A hypersonic jet known as the ‘X-51A WaveRider’ and co-funded by the US military and NASA will today undergo its latest test; dropping from around 50,000ft before rocketing to speeds of more than 4,000Mph, climbing to 70,000ft, before falling into the Pacific Ocean to break up.
Developed and built by aerospace technologies firm Pratt & Whitney Rocketdyne, the WaveRider programme is estimated to cost £89 million ($140 million) according to GlobalSecurity.org and is being funded by both NASA and the Pentagon in the hope it will later be used for military stealth aircraft and, potentially, new weaponry.
Utilising what is known as a ‘scramjet’ or ‘Supersonic Combustion Ramjet’ (quite the mouthful), the X-51A pulls oxygen it needs for combustion from the atmosphere surrounding the plane rather than from an on-board source. The result is immense thrust and the ability to travel at speeds reaching five times the speed of sound.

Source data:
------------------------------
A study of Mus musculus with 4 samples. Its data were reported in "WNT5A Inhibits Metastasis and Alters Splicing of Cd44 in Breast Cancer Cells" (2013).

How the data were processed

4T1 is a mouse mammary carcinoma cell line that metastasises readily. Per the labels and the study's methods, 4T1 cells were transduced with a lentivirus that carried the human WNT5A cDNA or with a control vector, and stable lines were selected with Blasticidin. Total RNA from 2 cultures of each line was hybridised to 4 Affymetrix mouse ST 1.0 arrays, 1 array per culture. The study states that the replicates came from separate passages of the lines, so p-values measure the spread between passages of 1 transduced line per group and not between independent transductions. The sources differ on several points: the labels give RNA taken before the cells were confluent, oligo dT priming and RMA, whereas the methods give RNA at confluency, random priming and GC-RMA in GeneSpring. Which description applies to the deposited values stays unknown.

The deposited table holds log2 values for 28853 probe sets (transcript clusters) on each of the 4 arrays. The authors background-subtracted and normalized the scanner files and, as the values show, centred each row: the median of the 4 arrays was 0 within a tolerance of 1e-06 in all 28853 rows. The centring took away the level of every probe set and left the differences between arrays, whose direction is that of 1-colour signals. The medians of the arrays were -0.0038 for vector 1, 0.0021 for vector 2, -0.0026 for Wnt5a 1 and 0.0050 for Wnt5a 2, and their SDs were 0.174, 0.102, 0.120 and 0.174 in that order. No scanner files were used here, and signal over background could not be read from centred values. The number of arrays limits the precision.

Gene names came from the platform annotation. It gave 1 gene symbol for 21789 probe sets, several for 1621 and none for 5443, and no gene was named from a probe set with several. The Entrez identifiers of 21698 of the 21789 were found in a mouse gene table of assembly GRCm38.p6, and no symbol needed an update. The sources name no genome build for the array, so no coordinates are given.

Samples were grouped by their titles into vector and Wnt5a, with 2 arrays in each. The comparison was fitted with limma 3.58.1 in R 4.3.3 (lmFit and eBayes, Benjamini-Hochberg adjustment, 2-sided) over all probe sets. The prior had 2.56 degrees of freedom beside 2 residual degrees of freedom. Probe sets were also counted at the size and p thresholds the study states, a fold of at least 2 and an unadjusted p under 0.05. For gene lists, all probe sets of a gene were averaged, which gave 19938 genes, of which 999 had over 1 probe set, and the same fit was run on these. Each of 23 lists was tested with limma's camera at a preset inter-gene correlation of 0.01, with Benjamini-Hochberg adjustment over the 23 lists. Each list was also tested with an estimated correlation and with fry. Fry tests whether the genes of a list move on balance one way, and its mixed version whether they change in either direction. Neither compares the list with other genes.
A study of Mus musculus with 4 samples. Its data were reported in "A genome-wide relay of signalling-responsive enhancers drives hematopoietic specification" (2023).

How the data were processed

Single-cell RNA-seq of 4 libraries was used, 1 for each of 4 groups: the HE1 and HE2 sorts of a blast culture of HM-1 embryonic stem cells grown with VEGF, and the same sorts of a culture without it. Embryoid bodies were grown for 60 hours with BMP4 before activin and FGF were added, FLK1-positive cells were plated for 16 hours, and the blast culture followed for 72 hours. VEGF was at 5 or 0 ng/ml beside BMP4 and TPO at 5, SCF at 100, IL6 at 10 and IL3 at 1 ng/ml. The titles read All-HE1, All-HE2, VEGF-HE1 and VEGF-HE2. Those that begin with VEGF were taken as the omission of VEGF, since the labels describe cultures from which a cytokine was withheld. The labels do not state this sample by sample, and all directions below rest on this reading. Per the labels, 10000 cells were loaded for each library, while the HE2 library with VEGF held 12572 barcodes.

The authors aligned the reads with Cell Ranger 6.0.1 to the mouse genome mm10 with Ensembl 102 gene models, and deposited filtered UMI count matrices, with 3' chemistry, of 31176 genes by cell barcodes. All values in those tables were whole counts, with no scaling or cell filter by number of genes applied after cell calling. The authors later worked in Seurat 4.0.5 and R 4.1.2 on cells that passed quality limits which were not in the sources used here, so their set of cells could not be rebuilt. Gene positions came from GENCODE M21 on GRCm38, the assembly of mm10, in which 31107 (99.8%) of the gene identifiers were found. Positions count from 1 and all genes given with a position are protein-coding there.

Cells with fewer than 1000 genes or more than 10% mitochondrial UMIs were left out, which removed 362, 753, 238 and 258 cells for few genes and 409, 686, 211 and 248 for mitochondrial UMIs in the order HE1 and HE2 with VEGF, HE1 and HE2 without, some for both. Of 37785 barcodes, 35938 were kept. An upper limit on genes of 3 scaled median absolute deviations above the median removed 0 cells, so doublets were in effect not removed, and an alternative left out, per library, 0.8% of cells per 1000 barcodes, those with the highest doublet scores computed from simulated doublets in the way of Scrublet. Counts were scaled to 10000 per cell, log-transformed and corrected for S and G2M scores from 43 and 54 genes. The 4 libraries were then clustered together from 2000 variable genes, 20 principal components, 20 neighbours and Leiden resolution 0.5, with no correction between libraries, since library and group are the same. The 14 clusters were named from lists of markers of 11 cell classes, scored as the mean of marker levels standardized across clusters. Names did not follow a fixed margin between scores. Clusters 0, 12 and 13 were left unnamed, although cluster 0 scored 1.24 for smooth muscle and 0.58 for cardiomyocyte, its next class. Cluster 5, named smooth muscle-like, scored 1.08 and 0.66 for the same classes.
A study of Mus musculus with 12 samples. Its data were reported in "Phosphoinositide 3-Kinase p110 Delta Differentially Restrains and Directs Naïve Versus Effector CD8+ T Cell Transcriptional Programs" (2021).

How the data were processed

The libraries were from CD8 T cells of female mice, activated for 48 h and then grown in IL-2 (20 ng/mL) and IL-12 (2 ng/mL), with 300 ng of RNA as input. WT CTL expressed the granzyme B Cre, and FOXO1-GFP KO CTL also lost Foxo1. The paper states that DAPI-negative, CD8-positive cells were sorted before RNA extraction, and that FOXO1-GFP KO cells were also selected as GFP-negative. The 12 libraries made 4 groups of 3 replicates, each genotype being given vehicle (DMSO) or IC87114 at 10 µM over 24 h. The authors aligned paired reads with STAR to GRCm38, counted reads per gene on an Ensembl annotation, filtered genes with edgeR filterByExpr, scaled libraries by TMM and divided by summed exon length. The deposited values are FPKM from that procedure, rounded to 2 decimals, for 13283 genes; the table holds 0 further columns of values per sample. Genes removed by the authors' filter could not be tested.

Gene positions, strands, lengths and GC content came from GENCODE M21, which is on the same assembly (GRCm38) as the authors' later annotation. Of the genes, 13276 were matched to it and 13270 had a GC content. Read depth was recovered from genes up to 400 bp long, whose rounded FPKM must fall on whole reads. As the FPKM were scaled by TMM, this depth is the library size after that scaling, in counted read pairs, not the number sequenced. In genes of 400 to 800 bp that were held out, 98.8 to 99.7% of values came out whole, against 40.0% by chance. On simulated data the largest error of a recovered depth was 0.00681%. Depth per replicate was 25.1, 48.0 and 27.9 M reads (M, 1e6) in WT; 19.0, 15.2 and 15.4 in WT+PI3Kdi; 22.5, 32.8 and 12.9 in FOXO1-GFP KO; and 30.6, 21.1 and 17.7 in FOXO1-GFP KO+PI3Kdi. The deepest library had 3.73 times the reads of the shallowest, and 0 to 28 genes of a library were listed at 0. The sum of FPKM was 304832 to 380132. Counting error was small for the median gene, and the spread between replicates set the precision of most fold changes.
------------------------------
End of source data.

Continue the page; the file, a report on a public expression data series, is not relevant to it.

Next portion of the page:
During the test, the X-51A will be flown from Edwards Air Force Base in the Mojave Desert in California to around 50,000ft above the Pacific Ocean by a B52 bomber, before being dropped and free-falling for around 4 seconds. It is at that point that the hypersonic jet will fire its rocket booster, accelerating the craft to Mach 4.5 (3,425mph) before being jettisoned. Only then will the revolutionary ‘scramjets’ be ignited, pushing the WaveRider to its top flight speed of more than 4,000mph and propelling it to around 70,000ft.
The test will last a total of just 300 seconds, before the jets are switched off and the X-51A plummets to the bed of the Pacific Ocean, never to be recovered. Still, this is the longest the craft has ever flown to date and hopes are resting on the test that it will pave the way towards cost-effective hypersonic flights, where trans-atlantic flights such as those between London and New York could be covered in just an hour.
As Dora Musielak, a professor of physics at the University of Texas at Arlington, told the LA Times; “It is always a dream to see an airplane fly faster. [Yet] once the military proves out the concept, hypersonic transport becomes a step closer to reality.”